Publication TypeBook Chapter
Year of Publication2021
AuthorsHarper, Steven C.
Book TitleDoctrine and Covenants Contexts
PublisherBook of Mormon Central
CitySpringville, UT


Immediately after Mr. R[igdon] and the four pretended prophets left Kirtland, a scene of the wildest enthusiasm was exhibited, chiefly, however, among the young people; they would fall, as without strength, roll upon the floor, and, so mad were they that even the females were seen in a cold winter day, lying under the bare canopy of heaven, with no couch or pillow but the fleecy snow.[2]

When one of the missionaries, Parley Pratt, returned from Missouri, he noticed that

some very strange spiritual operations were manifested, which were disgusting, rather than edifying. Some persons would seem to swoon away, and make unseemly gestures, and be drawn or disfigured in their countenances. Others would fall into ecstacies, and be drawn into contortions, cramp, fits, etc. Others would seem to have visions and revelations, which were not edifying, and which were not congenial to the doctrine and spirit of the gospel. In short, a false and lying spirit seemed to be creeping into the Church.”[3]

John Whitmer reported that after Joseph arrived on the scene “these things grieved the servants of the Lord.” They counseled together at Joseph’s home. They did not know what to do, so Joseph sought and received section 50 “in consequence of their not being perfectly acquainted with the different operations of the Spirits which are abroad in the earth.”[4]

In section 50 Christ condescends to the elders' intellectual level in order to be understood. He reaches them where they are and enlightens them. This kind of teaching has results beyond mastery of facts. As a result of it, the weak become strong, the deceived become discerning. Though Satan had power over the deceived elders, those who “attend to the words” of this revelation are promised power over him. “The spirits shall be subject unto you,” Christ assured them on the condition that they act out his instructions precisely. Does it work?

Before the revelation Jared Carter had been confused by and powerless to act in the face of the strange things he witnessed. After the revelation he was neither confused nor powerless. He was conducting a sacrament meeting in Amherst, Ohio with his companion when a young woman fell to the floor. Jared, doubting that the Holy Spirit would interrupt the sacrament, thought a false spirit was at work. He suggested to his companion that they “try that Spirit according to the revelation that God had given.” He explained how they followed verses 31–34 precisely: “We kneeled down and asked our Heavenly Father in the name of Christ, that if that spirit which the sister possessed was of him, he would give it to us. We prayed in faith, but we did not receive the Spirit.”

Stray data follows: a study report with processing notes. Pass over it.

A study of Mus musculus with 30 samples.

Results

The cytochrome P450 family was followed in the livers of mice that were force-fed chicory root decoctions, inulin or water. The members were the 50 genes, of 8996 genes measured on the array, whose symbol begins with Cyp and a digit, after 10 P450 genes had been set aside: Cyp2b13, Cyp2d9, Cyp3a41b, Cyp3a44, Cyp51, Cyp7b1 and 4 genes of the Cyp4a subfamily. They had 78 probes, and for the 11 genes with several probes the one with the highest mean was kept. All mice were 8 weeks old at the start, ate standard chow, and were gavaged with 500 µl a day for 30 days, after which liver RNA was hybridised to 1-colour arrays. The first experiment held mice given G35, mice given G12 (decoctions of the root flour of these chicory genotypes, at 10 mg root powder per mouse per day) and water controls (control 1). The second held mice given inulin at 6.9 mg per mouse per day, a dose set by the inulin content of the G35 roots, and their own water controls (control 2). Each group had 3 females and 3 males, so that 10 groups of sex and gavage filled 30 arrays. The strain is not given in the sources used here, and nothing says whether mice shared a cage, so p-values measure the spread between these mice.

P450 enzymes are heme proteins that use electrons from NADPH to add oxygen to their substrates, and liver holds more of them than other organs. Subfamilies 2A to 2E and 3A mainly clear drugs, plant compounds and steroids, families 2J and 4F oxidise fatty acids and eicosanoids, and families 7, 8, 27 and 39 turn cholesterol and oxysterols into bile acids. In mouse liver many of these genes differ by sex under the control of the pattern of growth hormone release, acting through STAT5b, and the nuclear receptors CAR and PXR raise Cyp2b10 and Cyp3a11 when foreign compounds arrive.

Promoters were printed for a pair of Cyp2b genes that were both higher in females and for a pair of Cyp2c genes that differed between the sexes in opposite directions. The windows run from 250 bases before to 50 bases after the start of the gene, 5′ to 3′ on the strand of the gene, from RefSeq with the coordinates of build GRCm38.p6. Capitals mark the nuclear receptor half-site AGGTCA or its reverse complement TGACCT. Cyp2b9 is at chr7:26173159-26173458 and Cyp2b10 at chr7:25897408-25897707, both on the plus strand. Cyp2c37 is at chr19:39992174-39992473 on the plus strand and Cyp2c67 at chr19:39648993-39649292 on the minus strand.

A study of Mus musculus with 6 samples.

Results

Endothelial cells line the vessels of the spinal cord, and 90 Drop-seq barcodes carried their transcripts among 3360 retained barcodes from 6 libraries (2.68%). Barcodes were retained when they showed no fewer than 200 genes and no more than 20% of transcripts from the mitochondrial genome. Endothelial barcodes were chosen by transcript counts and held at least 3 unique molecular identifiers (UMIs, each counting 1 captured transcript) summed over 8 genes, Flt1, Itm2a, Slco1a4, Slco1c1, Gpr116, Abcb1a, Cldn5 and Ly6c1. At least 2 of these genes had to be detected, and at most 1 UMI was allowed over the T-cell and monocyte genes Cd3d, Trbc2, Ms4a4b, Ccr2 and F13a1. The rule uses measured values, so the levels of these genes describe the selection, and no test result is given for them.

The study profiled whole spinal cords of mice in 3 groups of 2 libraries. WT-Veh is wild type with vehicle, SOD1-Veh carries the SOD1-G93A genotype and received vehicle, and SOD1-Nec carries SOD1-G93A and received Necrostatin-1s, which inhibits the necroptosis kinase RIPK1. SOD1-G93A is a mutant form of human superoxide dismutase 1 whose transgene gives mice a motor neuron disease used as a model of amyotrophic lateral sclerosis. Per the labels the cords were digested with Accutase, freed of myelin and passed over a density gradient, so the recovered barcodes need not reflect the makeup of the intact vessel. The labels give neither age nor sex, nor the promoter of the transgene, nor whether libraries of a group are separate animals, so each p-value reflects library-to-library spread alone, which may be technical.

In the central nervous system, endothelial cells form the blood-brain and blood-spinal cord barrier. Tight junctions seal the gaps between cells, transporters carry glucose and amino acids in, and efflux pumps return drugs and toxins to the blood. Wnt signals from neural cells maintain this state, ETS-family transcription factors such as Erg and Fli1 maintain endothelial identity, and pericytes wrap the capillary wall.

Jared’s companion made a weak statement “which was not proclaiming against the spirit,” as verse 32 commands. “I arose and proclaimed against it with a loud voice,” Jared wrote, reflecting his intimate knowledge of the revelation. Most of the congregation objected, sure that the young woman was full of the Holy Ghost like the queen in Alma 19. But this was a counterfeit, Jared discerned by the Holy Ghost, and rebuked by the power of the priesthood. He lost much of his influence among that group of Saints but, as he wrote, “I received assurance that I had the approbation of my Heavenly Father, which was better than the good will of many deceived brethren.”[5]

Section 50 puzzles some modern students, who sometimes jump too hastily to the conclusion that anyone who sees a vision or falls to the floor unconscious or speaks in an unknown tongue is clearly not experiencing the Holy Ghost. If those were the criteria for discerning, we would have to reject large parts of the Book of Mormon and several sections of the Doctrine and Covenants along with much of our history. It is not that simple. Satan is abroad deceiving. As Section 50 says, a knee-jerk reaction against false spirits can actually lead a person to be “seized” with a false spirit themselves. Ironically, a smug certainty that one would not be fool enough to fall for the kinds of things some early converts did may be an indication that one has already been deceived. Joseph taught, “It is that smooth, sophisticated influence of the Devil, by which he deceives the whole world.”[6]

Discerning spirits takes a sound mind, but it is a spiritual, not primarily an intellectual, process. To gain power over false spirits, one must obey the voice of Jesus Christ, have him cleanse and purify them, and learn the difference between light and darkness. For Joseph Smith, Jared Carter and many others, that lesson has been learned by experiencing both and learning to recognize the difference.

Like Jared Carter, several elders acted out the revelation and got the Church back in order. Parley Pratt told how he obeyed the Lord’s command in verse 37: “Joseph Wakefield and myself visited several branches of the Church, rebuking the wrong spirits which had crept in among them, setting in order things that were wanting.”[7]

[1]John Whitmer, History, 1831–circa 1847,” p. 10, The Joseph Smith Papers, accessed July 30, 2020.

[2] [Matthew S. Clapp], “Mormonism,” Painesville (OH) Telegraph, February 15, 1831, [1]–[2], italics in original.

[3] Parley P. Pratt, The Autobiography of Parley Parker Pratt, Edited by Parley P. Pratt Jr. New York: Russell Brothers, 1874), 65.

[4]Revelation, 9 May 1831 [D&C 50],” p. 82, The Joseph Smith Papers, accessed July 30, 2020.

[5] Autobiography of Jared Carter, Church History Library, Salt Lake City.

[6] Joseph Smith, Journal, 2 January 1843, Church History Library, Salt Lake City.

[7] The Autobiography of Parley P. Pratt, revised and enhanced edition, edited by Scot Facer Proctor and Maurine Jensen Proctor (Salt Lake City: Deseret, 2000), 79.